School Safety - THE Top Priority
Security of students, buildings crosses jurisdictional lines, D56 Trustees are told
At the forefront of the news today, school safety was a presentation topic last Monday during the District 56 Board of Trustees meeting.
Meeting in the Clinton Middle School media center, and after hearing student presentations from CMS and Clinton High School, the board turned its attention to an essential question - How safe are our schools?
“Crisis management is at the forefront of the news. We want to support the schools any way we can,” Laurens County Emergency Management Director Joey Avery said. Part of that support is law officers and first responders knowing what schools look like - tours were held Thursday at Joanna Woodson Elementary and Clinton Elementary, completing the District 56 school tours schedule. District 55 schools will be toured in March and April.
By touring, first responders know the “nooks and crannies” that each school has, along with potential danger spots. Avery said school security reviews also are being provided to private schools.
“When we cross jurisdictional boundaries, all schools are safer,” Assistant Superintendent for Operations Dr. David Pitts said.
Laurens County first responders and school officials for the past two and a half years have participated in school security briefings at Columbine High School in Colorado. A school massacre there prompted a shift away from “duck and cover” to active confrontation as a way to counter-act people who bring guns into schools with the intent of killing people.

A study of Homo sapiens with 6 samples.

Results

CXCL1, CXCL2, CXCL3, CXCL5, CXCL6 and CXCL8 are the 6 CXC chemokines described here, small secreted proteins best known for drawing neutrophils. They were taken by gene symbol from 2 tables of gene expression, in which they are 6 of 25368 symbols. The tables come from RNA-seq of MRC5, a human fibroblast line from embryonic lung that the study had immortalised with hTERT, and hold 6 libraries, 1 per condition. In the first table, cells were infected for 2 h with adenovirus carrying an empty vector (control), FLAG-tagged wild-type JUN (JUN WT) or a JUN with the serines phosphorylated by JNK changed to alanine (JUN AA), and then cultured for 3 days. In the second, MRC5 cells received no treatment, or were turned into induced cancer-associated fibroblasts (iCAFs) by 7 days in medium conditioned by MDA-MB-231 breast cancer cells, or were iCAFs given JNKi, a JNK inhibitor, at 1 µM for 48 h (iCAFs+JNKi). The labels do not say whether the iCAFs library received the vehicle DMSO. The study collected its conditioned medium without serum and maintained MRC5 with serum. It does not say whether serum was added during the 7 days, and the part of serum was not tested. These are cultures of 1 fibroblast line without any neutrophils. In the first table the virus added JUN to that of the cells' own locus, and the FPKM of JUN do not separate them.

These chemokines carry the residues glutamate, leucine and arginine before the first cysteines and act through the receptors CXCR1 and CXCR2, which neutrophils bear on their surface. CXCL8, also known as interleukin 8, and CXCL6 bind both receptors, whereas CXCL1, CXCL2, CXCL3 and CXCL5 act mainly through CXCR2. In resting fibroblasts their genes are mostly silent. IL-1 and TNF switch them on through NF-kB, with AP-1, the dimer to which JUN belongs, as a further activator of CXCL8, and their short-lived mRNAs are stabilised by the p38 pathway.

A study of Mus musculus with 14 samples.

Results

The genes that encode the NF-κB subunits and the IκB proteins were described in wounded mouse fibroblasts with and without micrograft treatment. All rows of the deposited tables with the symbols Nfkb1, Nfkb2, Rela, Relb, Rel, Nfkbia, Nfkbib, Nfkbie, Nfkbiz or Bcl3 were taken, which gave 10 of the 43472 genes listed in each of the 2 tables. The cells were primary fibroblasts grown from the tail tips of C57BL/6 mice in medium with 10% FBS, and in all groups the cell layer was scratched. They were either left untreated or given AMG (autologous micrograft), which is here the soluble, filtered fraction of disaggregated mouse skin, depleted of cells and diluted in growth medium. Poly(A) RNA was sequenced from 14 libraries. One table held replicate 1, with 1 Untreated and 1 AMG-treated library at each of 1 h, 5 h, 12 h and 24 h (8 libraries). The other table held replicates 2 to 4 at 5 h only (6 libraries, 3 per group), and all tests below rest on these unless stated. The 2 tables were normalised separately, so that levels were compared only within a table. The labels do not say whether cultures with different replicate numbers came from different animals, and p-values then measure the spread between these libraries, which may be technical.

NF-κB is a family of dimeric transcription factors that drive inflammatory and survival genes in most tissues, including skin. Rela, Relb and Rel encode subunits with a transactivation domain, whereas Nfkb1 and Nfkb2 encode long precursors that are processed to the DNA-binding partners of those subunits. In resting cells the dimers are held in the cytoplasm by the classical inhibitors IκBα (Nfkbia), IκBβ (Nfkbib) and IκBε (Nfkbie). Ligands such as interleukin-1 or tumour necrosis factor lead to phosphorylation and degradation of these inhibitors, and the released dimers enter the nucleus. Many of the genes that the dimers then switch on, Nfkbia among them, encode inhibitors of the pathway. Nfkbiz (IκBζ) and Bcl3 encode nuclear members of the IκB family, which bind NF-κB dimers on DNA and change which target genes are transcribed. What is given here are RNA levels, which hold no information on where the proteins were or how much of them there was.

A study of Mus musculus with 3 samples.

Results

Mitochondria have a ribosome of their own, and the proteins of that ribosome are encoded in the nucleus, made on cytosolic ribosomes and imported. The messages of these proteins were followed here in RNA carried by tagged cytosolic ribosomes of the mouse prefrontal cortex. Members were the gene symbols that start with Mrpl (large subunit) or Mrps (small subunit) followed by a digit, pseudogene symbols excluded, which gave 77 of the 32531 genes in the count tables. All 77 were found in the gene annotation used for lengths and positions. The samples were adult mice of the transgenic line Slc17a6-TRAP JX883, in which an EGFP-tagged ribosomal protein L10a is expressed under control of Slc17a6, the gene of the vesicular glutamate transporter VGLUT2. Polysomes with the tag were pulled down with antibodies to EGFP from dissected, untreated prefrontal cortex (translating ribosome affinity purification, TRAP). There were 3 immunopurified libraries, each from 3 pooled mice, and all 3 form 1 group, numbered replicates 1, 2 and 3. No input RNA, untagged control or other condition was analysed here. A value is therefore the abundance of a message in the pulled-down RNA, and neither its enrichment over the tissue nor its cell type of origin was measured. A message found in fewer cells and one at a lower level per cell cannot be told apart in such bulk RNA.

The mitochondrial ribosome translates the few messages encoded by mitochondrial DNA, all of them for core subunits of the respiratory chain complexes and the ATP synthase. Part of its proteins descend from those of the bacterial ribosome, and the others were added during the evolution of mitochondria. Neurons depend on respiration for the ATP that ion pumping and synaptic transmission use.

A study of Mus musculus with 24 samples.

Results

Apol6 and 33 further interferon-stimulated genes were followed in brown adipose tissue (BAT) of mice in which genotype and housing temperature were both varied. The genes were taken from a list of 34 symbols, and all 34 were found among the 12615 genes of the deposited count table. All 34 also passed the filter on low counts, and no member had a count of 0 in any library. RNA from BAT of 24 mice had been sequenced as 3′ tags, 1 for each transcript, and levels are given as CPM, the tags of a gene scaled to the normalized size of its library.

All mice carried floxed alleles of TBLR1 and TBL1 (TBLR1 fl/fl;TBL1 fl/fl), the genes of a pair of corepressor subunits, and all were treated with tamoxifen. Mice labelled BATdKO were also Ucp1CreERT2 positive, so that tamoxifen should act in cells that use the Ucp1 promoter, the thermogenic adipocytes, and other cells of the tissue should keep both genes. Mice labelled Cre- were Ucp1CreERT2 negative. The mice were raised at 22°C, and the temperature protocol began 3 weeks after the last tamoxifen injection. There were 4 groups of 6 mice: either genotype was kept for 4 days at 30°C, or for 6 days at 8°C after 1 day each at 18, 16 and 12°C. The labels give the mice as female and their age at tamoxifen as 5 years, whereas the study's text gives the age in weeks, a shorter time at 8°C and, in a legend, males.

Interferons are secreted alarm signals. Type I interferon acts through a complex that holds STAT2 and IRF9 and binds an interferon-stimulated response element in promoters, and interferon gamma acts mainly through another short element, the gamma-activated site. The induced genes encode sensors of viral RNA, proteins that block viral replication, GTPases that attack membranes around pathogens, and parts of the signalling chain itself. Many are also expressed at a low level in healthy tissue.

Avery called the training “impactful” and urged the school board to designate a member to attend this summer (July 8-11).
In the second local group to go through the program at Columbine, Clinton High School Principal Maureen Tiller said of the training, “I’ve thought about that a lot the last two weeks.”
On Feb. 14, 17 people were killed when a lone gunman - an expelled student - shot up a school in Parkland, Florida. The gunman left the scene, and was arrested without incident about a mile and a half away from the school. The massacre has prompted a discussion about limits on semi-automatic, assault-style rifles and the “bump stocks” that allow gunmen to fire more bullets rapidly. President Trump has said he may favor limits on “bump stocks,” and the Dick’s Sporting Goods company has said it will discontinue the sale of these guns.
At the Columbine training, Tiller said, “They de-brief you on how to fix problems. I recommend it for SROs (school resource officers) and administrators in charge of safety. It is an amazing experience.”
District 56 and 55 teachers have gone through a form of ALICE/SAFE training on how to deal with active shooter situations. The training needs to be offered consistently, board member Tammy Stewart said, because there are always new teachers coming into the districts. Avery agreed, saying, “You have to practice how you play.”
Training for teachers follows the Standard Response Protocol. A fact sheet about the protocol said, “A critical ingredient in the safe school recipe is the classroom response to an incident at school. Weather events, fire, accidents, intruders and other threats to student safety are scenarios that are planned and trained for by students, teachers, staff and administration.” Four main areas make up the standard protocol:
-- Lockout, secure the perimeter for a threat outside the building;
-- Lockdown - locks, lights, out of sight - for a threat inside the building;
-- Evacuate to a location, when it is called for to move from one location to another; and
-- Shelter, for a hazard using safety strategies when personal protection is necessary.
Pitts said, “Each one of us must be the eyes and ears of our schools. The safety of our students is our number one priority.”